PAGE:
Writers & Company

Elif Batuman on her love affair with Russian literature

Elif Batuman's debut novel is the semi-autobiographical story of an ambitious woman embarking on her first year of university.
Batuman believes her fondness for Russian novels has a deep connection with her family's Turkish background. (Penguin Random House, Beowulf Sheehan)

It's the year 1995 and email is a relatively new phenomenon. Selin, the protagonist of Elif Batuman's debut novel, The Idiot, has just started her first year at Harvard. She is the daughter of Turkish immigrants with an affinity for Russian literature and an obsession with understanding the subtle complexities of language. 

Through the character of Selin, Batuman artfully traces a time where self-discovery and heavy contemplation are driving forces in a young person's life. The Idiot, which borrows its name from the Russian classic by Fyodor Dostoyevsky, is a coming-of-age tale that dives deep into an adolescent's college experience, touching upon issues of identity, communication and heartbreak.

Elif Batuman spoke with Eleanor Wachtel from CBC's New York studio about the inspiration behind her novel and her alter ego, Selin.

Humour and melancholy

I always wanted to write novels, even before I had read a lot of novels or had a very good idea of what they were. The novel is like a melancholy form. It's about some kind of disillusionment with the way things are versus the idea of how they could be or how they used to be. But the experience that I had as a young person first reading these things and orienting myself was that English novels could be quite funny. The French novels were cynical and sad. And the Russian novels had this kind of comical melancholy that was very universal and very specific at the same time. That was really what attracted me.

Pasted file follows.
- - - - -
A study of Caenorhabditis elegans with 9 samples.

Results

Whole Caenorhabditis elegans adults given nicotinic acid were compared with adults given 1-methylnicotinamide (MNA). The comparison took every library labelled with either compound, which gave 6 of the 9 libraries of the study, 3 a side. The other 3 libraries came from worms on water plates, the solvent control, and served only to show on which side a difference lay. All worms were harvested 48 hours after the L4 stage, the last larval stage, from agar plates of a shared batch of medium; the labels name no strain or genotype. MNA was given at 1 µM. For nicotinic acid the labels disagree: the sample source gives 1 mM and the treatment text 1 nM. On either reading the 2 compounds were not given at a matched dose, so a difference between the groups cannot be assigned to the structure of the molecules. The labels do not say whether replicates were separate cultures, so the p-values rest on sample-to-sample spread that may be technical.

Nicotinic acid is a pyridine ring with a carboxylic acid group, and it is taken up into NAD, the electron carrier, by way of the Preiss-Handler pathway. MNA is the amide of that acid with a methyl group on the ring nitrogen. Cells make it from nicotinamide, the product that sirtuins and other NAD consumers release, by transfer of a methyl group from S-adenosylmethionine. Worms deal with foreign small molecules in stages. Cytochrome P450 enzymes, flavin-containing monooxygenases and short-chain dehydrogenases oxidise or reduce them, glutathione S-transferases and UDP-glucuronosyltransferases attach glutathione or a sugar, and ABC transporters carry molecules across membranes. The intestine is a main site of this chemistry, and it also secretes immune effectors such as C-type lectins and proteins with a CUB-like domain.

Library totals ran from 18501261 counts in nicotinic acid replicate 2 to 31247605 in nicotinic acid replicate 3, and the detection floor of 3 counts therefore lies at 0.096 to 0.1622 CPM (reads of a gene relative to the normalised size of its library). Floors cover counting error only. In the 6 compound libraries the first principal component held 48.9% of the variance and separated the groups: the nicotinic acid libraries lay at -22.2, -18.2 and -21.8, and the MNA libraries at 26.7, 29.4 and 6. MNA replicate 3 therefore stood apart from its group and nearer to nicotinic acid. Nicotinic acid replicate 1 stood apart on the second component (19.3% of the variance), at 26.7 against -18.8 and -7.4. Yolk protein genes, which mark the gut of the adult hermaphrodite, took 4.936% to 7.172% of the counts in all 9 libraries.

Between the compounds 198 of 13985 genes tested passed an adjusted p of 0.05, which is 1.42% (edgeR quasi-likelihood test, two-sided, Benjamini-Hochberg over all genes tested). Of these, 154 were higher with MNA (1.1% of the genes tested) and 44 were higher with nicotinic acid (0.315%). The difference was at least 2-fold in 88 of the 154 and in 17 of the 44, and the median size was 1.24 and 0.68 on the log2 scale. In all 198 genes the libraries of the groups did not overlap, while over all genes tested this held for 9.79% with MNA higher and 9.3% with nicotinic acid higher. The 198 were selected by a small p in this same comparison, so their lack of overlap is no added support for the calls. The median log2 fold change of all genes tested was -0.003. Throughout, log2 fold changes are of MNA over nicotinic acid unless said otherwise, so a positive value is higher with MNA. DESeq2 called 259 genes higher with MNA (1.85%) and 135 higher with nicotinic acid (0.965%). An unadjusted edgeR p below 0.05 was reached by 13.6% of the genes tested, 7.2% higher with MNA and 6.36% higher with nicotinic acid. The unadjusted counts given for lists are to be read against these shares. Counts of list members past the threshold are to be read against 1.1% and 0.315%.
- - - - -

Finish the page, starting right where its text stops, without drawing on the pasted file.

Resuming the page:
How Russian literature mirrors Turkish identity

The problems in the Russian novel are quite similar to the problems of Turkish nationalism and Turkish culture, which was something that I grew up thinking didn't affect me very much because my parents didn't really talk about it. Their attitude was basically like, "We're people of the world." I think they didn't want to burden me with nationalist mythologies and grudges and stories from the past. And yet the tensions of the Turkish national narrative and national identity, specifically between religion and secularism and these kind of cosmopolitan westernized cities and the villages that still have this almost feudal structure — I realized kind of belatedly. I knew on some intellectual level that this tension was really a present theme in Russian literature, but I didn't really think that was what drew me to it.

Romance isn't the whole story

I've been thinking a lot about love plots, because the novel is almost always a love story. It's so hard for the meaning of that story not to be defined by whether or not the couple gets together. Even in novels where the love relationship isn't the focus, I feel like it's often there, and the background is some barometer of whether this is a happy or sad story or whether this is a successful or unsuccessful life. This is something that I want to explore more and to think about in different ways — how to write stories that have this erotic magnetism that keeps you reading, and that have love and do justice to the power of love to invest our lives with meaning, and yet don't have this kind of narrative structure that defines the protagonist in terms of whether or not she gets the guy.

Elif Batuman's comments have been edited and condensed.

Music to close the broadcast interview: "Derdin Ne" performed by the Taksim Trio.